In this article, author Jeremy Myerson, co-founder of the Helen Hamlyn Centre for Design, and current Helen Hamlyn Professor of Design at the Royal College of Art, reflects on the importance of the inclusive design that he explores in his new book: 

 


 
Figure 1 

 

Today, that is no longer primarily the case. Design has become a powerful vehicle for social activism and cultural enquiry. Designers globally have started to engage at a deeper, more empathic and human level with the people who will experience and use their designs. They have brought a new mindset to designing – one that is participatory as opposed to expert, and rooted in the methods of the social sciences as opposed to the superficial appeal of styling.

 

As a result, in 2021,  the main focus in design in no longer on learning just a little about very large groups of people in order to design for mass markets, but on learning a great deal about relatively small numbers of people, concentrating not on what makes them similar but on what makes them different, so their needs and desires can then be included in any design project. This type of designing has been proven to be commercially successful, but the development route is different. A common term for this approach is inclusive design.

 
Figure 2

 

How design made its journey from creating consumer icons to shaping everyday inclusion is the story of a new book I have written: Designing a World for Everyone: 30 Years of Inclusive Design, which will be published by Lund Humphries on 1 July 2021. This publication charts the history of inclusive design through the lens of 30 projects from the Helen Hamlyn Centre for Design at the Royal College of Art over three decades (1991-2021). It shows how designers have been able to include the voices of a wider segment of the population, such as older and disabled people who were traditionally marginalised, in both the processes and the outcomes of design.
 

 
Figure 3
 

The Helen Hamlyn Centre for Design, the RCA’s largest and longest-running centre for design research, has been influential in developing the practice of inclusive design over its 30 year-history. I co-founded the centre with Roger Coleman, the academic and activist responsible for defining the term ‘inclusive design’ at a Toronto conference in 1994 and giving the field much of its theoretical base, and I was its director for 16 years. So, choosing just 30 everyday artefacts and environments that we’ve helped to design – in order to explore how an inclusive approach works – was a difficult task given our rich archive of collaborative projects.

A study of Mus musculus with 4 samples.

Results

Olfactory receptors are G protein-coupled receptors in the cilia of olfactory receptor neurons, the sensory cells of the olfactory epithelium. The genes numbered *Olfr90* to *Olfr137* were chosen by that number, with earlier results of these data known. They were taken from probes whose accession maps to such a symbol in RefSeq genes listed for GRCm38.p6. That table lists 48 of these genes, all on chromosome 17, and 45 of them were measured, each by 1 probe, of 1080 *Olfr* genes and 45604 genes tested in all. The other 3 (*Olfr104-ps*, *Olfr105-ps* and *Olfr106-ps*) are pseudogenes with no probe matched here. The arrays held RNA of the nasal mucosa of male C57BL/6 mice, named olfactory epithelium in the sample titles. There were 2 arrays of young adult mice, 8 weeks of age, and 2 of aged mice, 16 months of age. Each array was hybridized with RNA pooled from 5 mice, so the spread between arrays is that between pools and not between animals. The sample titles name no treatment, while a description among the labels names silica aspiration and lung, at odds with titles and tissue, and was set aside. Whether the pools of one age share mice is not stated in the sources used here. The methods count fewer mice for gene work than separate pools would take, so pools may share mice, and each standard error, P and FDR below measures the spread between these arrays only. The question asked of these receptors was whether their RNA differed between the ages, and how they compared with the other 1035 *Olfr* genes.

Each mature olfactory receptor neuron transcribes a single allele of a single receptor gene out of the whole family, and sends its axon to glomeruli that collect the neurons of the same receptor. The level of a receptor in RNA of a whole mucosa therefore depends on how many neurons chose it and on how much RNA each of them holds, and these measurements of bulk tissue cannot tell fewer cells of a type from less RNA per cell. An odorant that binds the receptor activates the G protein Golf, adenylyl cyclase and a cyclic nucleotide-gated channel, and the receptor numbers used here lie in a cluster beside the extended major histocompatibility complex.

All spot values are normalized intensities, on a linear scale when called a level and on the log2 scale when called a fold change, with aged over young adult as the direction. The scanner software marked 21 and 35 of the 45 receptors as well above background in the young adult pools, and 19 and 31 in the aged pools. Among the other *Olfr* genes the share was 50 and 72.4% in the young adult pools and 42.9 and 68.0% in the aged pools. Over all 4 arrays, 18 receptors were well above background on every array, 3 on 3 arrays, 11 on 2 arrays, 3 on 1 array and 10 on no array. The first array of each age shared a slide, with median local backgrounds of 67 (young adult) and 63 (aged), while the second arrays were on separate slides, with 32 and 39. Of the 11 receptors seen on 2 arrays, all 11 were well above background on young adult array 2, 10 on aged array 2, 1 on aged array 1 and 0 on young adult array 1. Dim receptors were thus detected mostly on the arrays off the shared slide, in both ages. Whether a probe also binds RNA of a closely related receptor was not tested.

Gradually, the most relevant projects to everyday living made the cut. I was interested in showing how inclusive design can work at vastly different scales, so the cases in the book vary in size. Some are simple, hand-held objects such as a shatterproof beer glass, a jam jar with a square lid for easy opening, an easy-grip saucepan or a carbon-fibre crutch. Others form part of large and complex environments or systems – the care home, hospital, streetscape, riverfront or airport.
 

 
Figure 4 

 

Our proposals for wayfinding at Heathrow Terminal 5, for example, reflect detailed mapping of how visual impaired passengers navigate a busy airport concourse. Our community programme to revitalize the banks along the River Foyle in Northern Ireland, a notorious public health blackspot,  translates into a series of imaginative interventions in the urban realm. And our many medical projects generate human-centered designs to make the hospitals cleaner, safer and more dignified.

 

Many of the creative ideas discussed in the book have seen the light of day as products on the market or as public services – from a lighting system for inner-city housing estates to a typeface for dyslexic children and a garden for autistic adults. Others are demonstrator projects, educating the market in the art of the possible and influencing producers and service providers to incorporate certain features. Safer streets, sensual bathrooms, accessible parks and graphic guidance for drug packaging all fall into this second grouping.
 

 
Figure 5

 

A third category we can file under ‘ideas for the future’ – such as a public swimming pool sited right in the middle of an airport or an electric car which lights the street and redirects lost tourists when parked.

 

All the projects are equally valid, however, in reflecting an approach which could best be described as designing with people as opposed to designing for people. That, perhaps, is the biggest shift of all in making design more inclusive over the past 30 years.

 

 

-- Jeremy Myerson is a design writer and academic, and Helen Hamlyn Professor of Design at the Royal College of Art.

Designing a World for Everyone: 30 Years of Inclusive Design will be published on 1st July. Pre-order your copy now:

 

Images:

1. Redesign of emergency ambulance, 2011, with easy-clean surfaces, modular treatment packs, a central stretcher and a jump seat for a family member or friend to accompany the patient. Image by Petr Krejči.

2. Mirror and basin combination for Ideal Standard, Tomek Rygalik, 2007. Image courtesy of Ideal Standard.  

3. Foyle Reeds along the River Foyle, Norther Ireland, 2018: part of an urban regeneration project to animate a riverfront area known as a public health blackspot. Image by Ralf Alwani, Greg Edwards, Urban Scale Interventions.

4. The Resus:station, Jonathan West and Sally Halls, 2005: the unit divides into three to make it easier for medical teams to respond to a cardiac arrest. Image by Jonathan West / Bristol Maid.  

5. Modular community lighting, Tom Jarvis and Megan Charnley, 2012: illuminated goalposts on the Boundary Estate, London. Image by Tom Jarvis.